Anyone else remember Magic & Logic?
It was a joint initiative in the UK about improving how the procurement process works between clients and agencies. The initiative was led by (don't shout at me if I'm wrong) the IPA, ISBA, and CIPS.
Honestly, I can't remember everything but I do remember it being welcome at the time. I think it might have been around the end of the 1990s.
The initiative was an attempt to try to make the procurement process more human. You know, people talking to each other, respecting the amount of effort that goes into the process from all sides, appreciating constraints and trying to make the "match-making" process one that worked better for all parties.
Prior to Magic & Logic, the procurement process could be very one-sided and a bit dehumanising. It was particularly onerous for smaller companies due to the massive amount of effort required.
Here are some of the characteristics of the old-school procurement process (from the agency perspective):
- No human contact. At no point in the selection process, apart from maybe at the very end if you were selected to present, could you talk to a human being working at the procuring organisation
- Spreadsheets. Hundreds of questions to answer, in forms and spreadsheets, taking days and days of effort.
- Procurement portal. You'd have to navigate the worst web interface, devised by some evil gremlin whose only joy in life was to make the user want to throw their computer out of the window. Daily.
- Do the whole job. In many instances, for digital projects, you'd be asked to do almost the entire job you were pitching for - research, insights, designs, prototypes, etc. For free. While trying to serve your actual clients.
- Blind leading the blind. On digital projects, the people making the decision about which experts to appoint were wholely unqualified to be making that decision.
So, Magic & Logic, while not perfect (nothing is), was a refreshing change. Sadly, I don't think it ever caught on, and, especially in the charity sector, the old-school processes still seem to exist.
What's the alternative?
Of course, charitable organisations, arguably more so than commercial ones, need to show due diligence. They also need to demonstrate that they've compared like-with-like.
The old-school process isn't a great way of doing that, and you'll end up with a working partner that's alienated and out-of-pocket from day one.
So here's what I recommend for finding a digital partner that can make the most of your budget. It's simple.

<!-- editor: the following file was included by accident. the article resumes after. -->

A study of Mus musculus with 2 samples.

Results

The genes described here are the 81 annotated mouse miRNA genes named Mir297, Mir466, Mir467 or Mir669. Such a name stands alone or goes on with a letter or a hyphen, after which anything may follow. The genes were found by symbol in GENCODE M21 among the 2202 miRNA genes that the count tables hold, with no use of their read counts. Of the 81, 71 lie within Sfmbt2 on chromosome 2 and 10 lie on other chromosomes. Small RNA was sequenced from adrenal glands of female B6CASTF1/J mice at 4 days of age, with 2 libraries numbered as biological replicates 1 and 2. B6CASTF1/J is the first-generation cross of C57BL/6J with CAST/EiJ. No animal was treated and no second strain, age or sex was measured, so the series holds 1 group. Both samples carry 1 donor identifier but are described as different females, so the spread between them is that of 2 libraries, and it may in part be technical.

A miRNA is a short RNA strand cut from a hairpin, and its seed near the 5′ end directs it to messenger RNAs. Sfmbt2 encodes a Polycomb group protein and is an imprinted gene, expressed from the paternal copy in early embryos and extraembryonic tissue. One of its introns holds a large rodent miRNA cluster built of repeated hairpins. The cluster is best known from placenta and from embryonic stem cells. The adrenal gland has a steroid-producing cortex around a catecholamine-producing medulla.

- Start with a much shorter list of potential experts (think 5 max)
- Create a mini project. Something that will allow you to see what it's like working with these candidates. The procurement process can take weeks if not months, so create a mini project that can be done in a week. Less effort for everyone and you'll get a real sense of the potential.
- Provide a budget for this time.
- Create a balanced scorecard for evaluation. Avoid subjective measures (e.g. did I like the design). Ideally, look at their portfolio to see if they have core skills but don't include subjective elements like design in the mini project.
- Create APIs for standard data. Of course you want to know that people have various certifications, privacy policies etc. Standardise the "ingestion" format so digital partners can give you the information you want in seconds, not days of back-and-forth. Or, let us provide you with a feed/login where you can find the data you want.
For charities, the main trouble with the old-school procurement approach is that it risks excluding the very people that can help you the most. You'll be left with the larger, expensive partners, as they'll be the only ones able to afford to go through the extended process while destroying your budget.
Here are some things you might find interesting...
Google Memo - We have no moat and neither does OpenAI
"Leaked" memo from Google explaining that open-source generative AI is likely to win, with no single corporate being able to own the technology.
Unusual Tactics You Can Use To Learn What Your Audience Wants
The title says it all. This is one of the very useful interview sessions from Josh Spector.
I outsourced my personal finances to GPT4
A fascinating Twitter thread from the founder of Do Not Pay, on how they created a service that would save you money automatically.